After guilt trip intro, National Philharmonic offers worthy singing in a cut and speedy “Messiah”

Mon Dec 19, 2022 at 12:50 pm

The National Philharmonic performed Handel’s Messiah Sunday at the Music Center at Strathmore.. Photo: Elman Studio

One of the few good things to come out of the coronavirus pandemic was the chance to reconsider some classical music traditions. No ritual was more ingrained than the annual rounds of Handel’s Messiah every December. The last one published in these virtual pages was back in 2019, a drought ended with Sunday afternoon’s performance by the National Philharmonic in the Music Center at Strathmore.

Some orchestras are questioning whether it makes sense to continue the Messiah tradition, not least because of recent historical scholarship by David Hunter. In 1720, Handel followed the lead of his patron, the Duke of Chandos, by investing in the Royal African Company, the official slave trading enterprise in Britain, led by King George I. Profits from this venture, involving the transport of enslaved people from Africa to English colonies in the Americas, helped fund Handel’s creation of the English oratorio, leading up to the premiere of Messiah in 1742.

Hunter himself has said that he does not feel any differently about performing Messiah, a work that he has sung and always loved. But he has advocated for a sort of “public health warning,” drawing the attention of audiences to the direct connections between Handel and the transatlantic slave trade.

In brief pre-concert remarks, music director Piotr Gajewski did just that, noting that half the proceeds from these Strathmore performances will be donated to the restoration of Montgomery County’s historic Scotland African Methodist Episcopal Zion Church.

Stan Engebretson, who has served as the artistic director of the National Philharmonic Chorale since its inception, then conducted a remarkably concise, fast-moving rendition of this weighty score. With breathless tempi and the omission of ten numbers from Parts II and III, the performance was over in two hours and fifteen minutes, including an intermission.

As announced earlier this fall, Engebretson will step down from his position with the National Philharmonic Chorale after these performances of Messiah. Assistant conductor Rebecca Novak Bryant will take over choir rehearsals and preparation for the rest of the season.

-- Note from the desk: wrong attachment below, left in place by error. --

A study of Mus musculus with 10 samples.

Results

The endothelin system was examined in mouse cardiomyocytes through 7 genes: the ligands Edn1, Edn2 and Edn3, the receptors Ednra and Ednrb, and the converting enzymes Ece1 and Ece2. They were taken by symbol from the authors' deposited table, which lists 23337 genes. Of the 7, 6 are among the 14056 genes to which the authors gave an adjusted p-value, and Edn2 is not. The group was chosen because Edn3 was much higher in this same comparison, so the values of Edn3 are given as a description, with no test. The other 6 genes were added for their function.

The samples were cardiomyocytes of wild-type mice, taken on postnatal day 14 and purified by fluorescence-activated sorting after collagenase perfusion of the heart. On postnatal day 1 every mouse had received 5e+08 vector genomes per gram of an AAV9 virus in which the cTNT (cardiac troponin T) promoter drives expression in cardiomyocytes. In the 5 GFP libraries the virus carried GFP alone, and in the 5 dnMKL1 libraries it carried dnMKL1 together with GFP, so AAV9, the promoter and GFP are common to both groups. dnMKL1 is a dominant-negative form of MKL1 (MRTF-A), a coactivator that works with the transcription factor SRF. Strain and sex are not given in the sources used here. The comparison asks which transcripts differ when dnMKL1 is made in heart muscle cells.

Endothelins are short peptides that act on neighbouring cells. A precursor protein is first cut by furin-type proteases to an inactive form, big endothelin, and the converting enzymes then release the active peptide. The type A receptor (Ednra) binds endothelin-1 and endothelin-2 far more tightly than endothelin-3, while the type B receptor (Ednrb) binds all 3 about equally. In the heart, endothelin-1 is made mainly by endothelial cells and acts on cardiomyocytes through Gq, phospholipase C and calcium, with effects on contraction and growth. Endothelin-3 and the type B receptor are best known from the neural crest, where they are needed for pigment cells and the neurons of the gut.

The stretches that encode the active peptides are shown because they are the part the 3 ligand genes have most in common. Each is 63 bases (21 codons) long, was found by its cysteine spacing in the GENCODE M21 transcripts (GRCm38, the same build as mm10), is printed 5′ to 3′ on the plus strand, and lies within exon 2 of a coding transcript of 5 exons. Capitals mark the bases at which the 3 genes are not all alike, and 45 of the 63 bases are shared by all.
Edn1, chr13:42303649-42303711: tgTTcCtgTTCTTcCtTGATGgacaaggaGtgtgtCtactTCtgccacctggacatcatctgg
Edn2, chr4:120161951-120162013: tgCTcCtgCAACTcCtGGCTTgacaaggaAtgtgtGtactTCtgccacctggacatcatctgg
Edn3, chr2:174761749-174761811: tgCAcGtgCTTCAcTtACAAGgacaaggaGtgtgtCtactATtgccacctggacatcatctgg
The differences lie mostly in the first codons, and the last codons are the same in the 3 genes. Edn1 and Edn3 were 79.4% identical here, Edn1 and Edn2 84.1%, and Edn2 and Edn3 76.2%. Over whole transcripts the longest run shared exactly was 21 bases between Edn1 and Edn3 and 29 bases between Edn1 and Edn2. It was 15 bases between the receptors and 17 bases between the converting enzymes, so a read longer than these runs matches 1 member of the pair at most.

Mezzo-soprano Lucia Bradford dazzled most among the quartet of soloists, with a consistently opulent voice, rich in legato smoothness and reaching from resonant lower reaches to some powerful top notes. On repeat sections in her solos, she added startling ornamentation, all executed with crisp accuracy. Her stellar interpretation of “He was despised” combined luscious musical phrasing and dramatic force.

Alexandria native Kearstin Piper Brown was perhaps not as confident in the soprano solos but displayed remarkable ease in the top register. She added impressive embellishments in her arias, too, including a briskly paced “I know that my redeemer liveth.” Norman Shankle sang running passages with occasional muddiness in the numerous tenor arias, and there was a moment of confusion during “Thy rebuke,” which Engebretson managed to realign.

Baritone Jorell Williams had blustery strength in his top range, adding even more high notes in some of his embellishments, although the bass arias’ periodic low notes paled. His diction was the least clear among the quartet, but his power impressed in the more prophetic pieces. So much so that the audience, which had a tendency to clap before the orchestra completed some arias, ended up clapping twice for his “The trumpet shall sound,” before and after the end.

The National Philharmonic Chorale sounded uneven, with a somewhat anemic soprano and alto sound contrasted with an overly eager tenor section and growling basses. (The great number of viruses in circulation seems to have sidelined a few singers.) Diction was quite clear, but Engebretson’s preparation accented odd tics, like the cutting short of some notes (such as “unto us-” in “For unto us a child is born”) and the introduction of curious staccatos, especially at the ends of longer runs, sounding like ovine bleating in “All we like sheep.”

The orchestra of about thirty musicians had similar struggles, with a few intonation clashes among the cellos and sole bass player. 

The resulting performance, although mixed, was occasionally quite good, a sort of halfway approach between historically informed performance (the fleet tempos and copious ornamentation) and modern instruments and large chorus. Christmas trees and evergreen garlands, all illuminated with twinkling lights, set a festive mood, in spite of the heavy historical introduction.

The program will be repeated 7:30 p.m. Friday at Capital One Hall.